Through our perceptions, the various forms of contemporary art integrate with each other much in the same way found with quantum entanglement, as they wildly push against their intrinsic boundaries. This phenomenon has allowed some room for us to contemplate: Are there any possibilities for the demarcations between different forms of classical art, or rather the separations between classical art and contemporary art, to be melted down to then randomly “entangle” themselves with one another? This inspires the conceptualization of “Trans-Media” art, which revealed itself to the world in 2010. The concept is that a medium traverses its original boundaries to become another medium or otherwise metamorphose into unlimited varieties.
For this reason, this new conception can very well be playfully nicknamed “quantum aesthetics”.
“Trans-Media” is a high-level form of entanglement. “Trans” here means the meeting and combination of artistic thought, the accumulation of inventive energy, and the enhanced materialization of the human sensory experience within either the real or virtual world. Many unprecedented forms of art have thereby made their way onto the stage as a result, and these include the trans-narrative, trans-reality, trans-sculpture, trans-fixation, trans-behavior, trans-incidental, and trans-language, among many, many others.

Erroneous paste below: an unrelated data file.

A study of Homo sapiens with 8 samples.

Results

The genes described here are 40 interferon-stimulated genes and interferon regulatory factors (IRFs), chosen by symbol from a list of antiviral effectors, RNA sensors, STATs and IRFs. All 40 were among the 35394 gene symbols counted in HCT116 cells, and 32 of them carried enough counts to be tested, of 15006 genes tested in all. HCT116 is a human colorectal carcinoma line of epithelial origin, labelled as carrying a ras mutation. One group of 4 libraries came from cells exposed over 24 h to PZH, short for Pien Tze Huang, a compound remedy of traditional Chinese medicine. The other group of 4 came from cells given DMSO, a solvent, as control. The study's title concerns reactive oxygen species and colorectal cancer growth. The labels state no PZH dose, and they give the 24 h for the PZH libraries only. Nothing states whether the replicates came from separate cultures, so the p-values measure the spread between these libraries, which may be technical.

“Trans-media” is a concept, a methodology, and, before anything else, “the free interchanges of perception”. Joseph Beuys once said, “Art is the only power to free humankind from all repression.” From my point of view, it is no exaggeration to say art is a science deeply rooted in freedom.
The very nature of trans-media art that goes against the rational definitions of artistic expression and mediums and that also blurs the boundaries of thought, emotion, expositional delivery, and consciousness, allows itself to become a unique, exclusive, and original form of narration. An illustration can be found with Marcel Duchamp’s ideology of attempting to avoid principles, truth, and all metaphysical concepts. When many artists, with an eagerness to express themselves, bring their works to a specific exhibition space or gathering field, a subsequent question is left for audiences to ponder: Where should one’s focus of attention lie? In this infinite dimension of art, we may engage with shocking transient moments; all-encompassing emptiness; or an intangible, abstract, and metaphorical obscurity. Whatever the result, each and every member within an audience therefore inherently receives a vividly emotional trans-media experience free from any sort of convention or doctrine.
From the perspective of Hegel’s definition of aesthetics, this exhibition presents a special formation of a field which gathers jarring yet mysterious expressions of sentimentality based on the trans-media conception.